It’s tempting to look solely at the wage gap and think the only thing keeping men and women from economic parity is 23 cents. We tend to ignore the other ways women, especially LGBTQ-identified women, women of color, and LGBTQ-identified women of color, are saddled with undo economic burdens because complication is hard.
Well, hold onto your knickers, because things are about to get much more complicated. (LGBT women’s economic struggles are simultaneously complicated and erased by our society that they were the subject of their own post in this series.)
After taking issues like the lack of a living wage, the wealth disparity, biases embedded in social security, and access to health care into account, women’s economic disadvantages compared to men stop looking so easy to brush off. The excuse that the difference is due to choice becomes very dubious when the “gap” you’re referring to is actually the Grand Canyon.
Much of the income disparity in the United States comes from the fact that the minimum wage is not a living wage. Women make up about two-thirds of minimum wage earners in the US, though it varies from state to state. For example, in my home state of Indiana women make up almost three-quarters of minimum wage earners. Women of color are over-represented, making up 22 percent of all minimum wage earners, but only about 18.5 percent of the US population. Women are also increasingly co-breadwinners or the sole breadwinners for their families, meaning that a significant portion of women are trying to support a family with wages that put them thousands of dollars below the poverty line.
But income alone only tells part of the story. Women’s lived experiences are much more complicated than what they make on the job. It’s also about how many loans they have to pay back, if they own a home or a car or a boat, if they have a stock portfolio.
Wealth refers to your total assets, including cash, property and investment (minus debt). According to wealth gap researcher Dr. Mariko Chang, women hold about 36 percent as much wealth as men in the U.S. Never-married women only have about 6 percent of the wealth men have. For Hispanic/Latina and black women, they hold a fraction of a penny of wealth for every dollar a white man holds. More than half of all single Hispanic/Latina women have either no assets, or debts that outweigh their assets.
The wealth gap clearly illustrates what Virginia Woolf bemoans in A Room of One’s Own: men’s historic ability to amass and inherit wealth has put (white) men as a group at an advantage over women, especially women of color. Property rights for married white women in the U.S. weren’t established until the mid-19th century. It wasn’t until decades later that a significant portion of the U.S.’ female population was no longer considered property themselves.
Historic access to wealth combines with historic devaluing of female labor to create a vacuum of financial stability for women in the U.S. Women are more likely to leave paid labor to enter into the unpaid workforce: the hard work of family caretakers and homemakers. Jobs that we would otherwise pay for–cooking, cleaning, laundry, caring for children or the elderly–are taken over by female family members.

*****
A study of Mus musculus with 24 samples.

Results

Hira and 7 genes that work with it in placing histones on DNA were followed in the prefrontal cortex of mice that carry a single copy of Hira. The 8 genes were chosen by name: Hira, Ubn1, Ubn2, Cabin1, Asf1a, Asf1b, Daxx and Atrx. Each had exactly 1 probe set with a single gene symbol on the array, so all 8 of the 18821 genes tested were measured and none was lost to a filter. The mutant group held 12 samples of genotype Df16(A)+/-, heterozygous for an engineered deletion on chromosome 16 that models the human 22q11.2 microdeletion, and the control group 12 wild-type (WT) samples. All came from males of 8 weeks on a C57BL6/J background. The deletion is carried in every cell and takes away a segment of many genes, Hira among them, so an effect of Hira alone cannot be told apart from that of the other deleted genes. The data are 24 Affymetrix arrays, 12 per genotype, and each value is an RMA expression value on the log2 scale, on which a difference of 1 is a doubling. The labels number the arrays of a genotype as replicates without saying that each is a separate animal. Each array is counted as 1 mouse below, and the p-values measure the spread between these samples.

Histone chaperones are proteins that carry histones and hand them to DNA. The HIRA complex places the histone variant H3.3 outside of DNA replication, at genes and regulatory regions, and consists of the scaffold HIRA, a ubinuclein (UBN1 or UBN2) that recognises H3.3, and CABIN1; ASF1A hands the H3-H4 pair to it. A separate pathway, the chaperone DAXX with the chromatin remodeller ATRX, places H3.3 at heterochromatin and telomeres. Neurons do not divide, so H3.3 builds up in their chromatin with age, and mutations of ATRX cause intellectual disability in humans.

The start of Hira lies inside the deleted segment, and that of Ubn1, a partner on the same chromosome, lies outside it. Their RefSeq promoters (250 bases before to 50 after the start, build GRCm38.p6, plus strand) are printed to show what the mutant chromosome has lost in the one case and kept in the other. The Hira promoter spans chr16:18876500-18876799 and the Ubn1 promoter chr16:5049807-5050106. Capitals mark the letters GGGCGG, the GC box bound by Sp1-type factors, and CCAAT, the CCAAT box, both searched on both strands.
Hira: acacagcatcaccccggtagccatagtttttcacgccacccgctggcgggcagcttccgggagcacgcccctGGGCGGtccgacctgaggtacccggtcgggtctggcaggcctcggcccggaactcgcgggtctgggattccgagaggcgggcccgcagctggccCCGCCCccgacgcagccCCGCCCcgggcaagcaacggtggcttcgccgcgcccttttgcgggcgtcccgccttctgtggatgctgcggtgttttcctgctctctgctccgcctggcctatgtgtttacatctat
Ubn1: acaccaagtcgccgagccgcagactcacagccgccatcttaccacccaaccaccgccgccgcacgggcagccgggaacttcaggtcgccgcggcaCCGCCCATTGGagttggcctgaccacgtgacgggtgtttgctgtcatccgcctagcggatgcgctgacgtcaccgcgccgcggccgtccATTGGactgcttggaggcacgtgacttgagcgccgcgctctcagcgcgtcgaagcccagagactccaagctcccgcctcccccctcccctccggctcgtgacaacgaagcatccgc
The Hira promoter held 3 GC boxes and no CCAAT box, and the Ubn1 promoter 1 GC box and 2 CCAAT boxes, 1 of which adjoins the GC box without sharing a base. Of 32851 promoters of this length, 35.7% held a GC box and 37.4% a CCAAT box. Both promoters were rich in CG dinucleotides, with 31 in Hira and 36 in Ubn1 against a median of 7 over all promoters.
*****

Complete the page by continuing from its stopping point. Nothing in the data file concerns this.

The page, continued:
Though these women are often recognized and appreciated within their own families, the time they take off from the paid labor force means that they miss out on Social Security benefits. Women already live longer than men; the lack of Social Security benefits makes the prospect of retirement that much more daunting for women in the U.S. This is why NOW supports caregiver credits–women’s time outside of the workplace does benefit the U.S. economy, but their work continues to go unrecognized by U.S. law.
Until the implementation of the Affordable Care Act, health insurance was a much more expensive proposition for women than men due to gender rating. Combined with their disproportionately low wages and lack of wealth, this means that too many women had to forgo health insurance. And while access to health care has improved since the ACA went into effect, the refusal by many states to expand Medicare means that people who fall between the poorest of Americans and lower-middle income Americans are not insured. Being uninsured makes these people much more economically vulnerable, as health care costs are one of the leading causes of poverty in the U.S. That the U.S. failed to pass universal health care provisions is embarrassing.
This already dire economic landscape is worsened when women aren’t given the tools to plan their own families. In 2010, 30 states received federal funding for abstinence-only sex education policies. More abortion restrictions were passed in the U.S. between 2011 and 2013 than were passed in the entire decade preceding. These laws make it more difficult and more expensive to receive necessary medical care–medical care that is more necessary due to the fact that our nation’s young people are woefully misinformed when it comes to safe sex. Unplanned families tend to be unhealthier and more economically unstable.
With the deck stacked against women– especially women of color–in terms of economic instability, it’s infuriating when we’re told that we’ve chosen our way to this place. We exist in a legal and societal landscape that doesn’t respect women’s choices and too-often tries to make them for us. And now that we’re choosing to speak out, we’re being silenced by a society that refuses to acknowledge its own history and flaws.
Have you ever tried to hop across a ravine?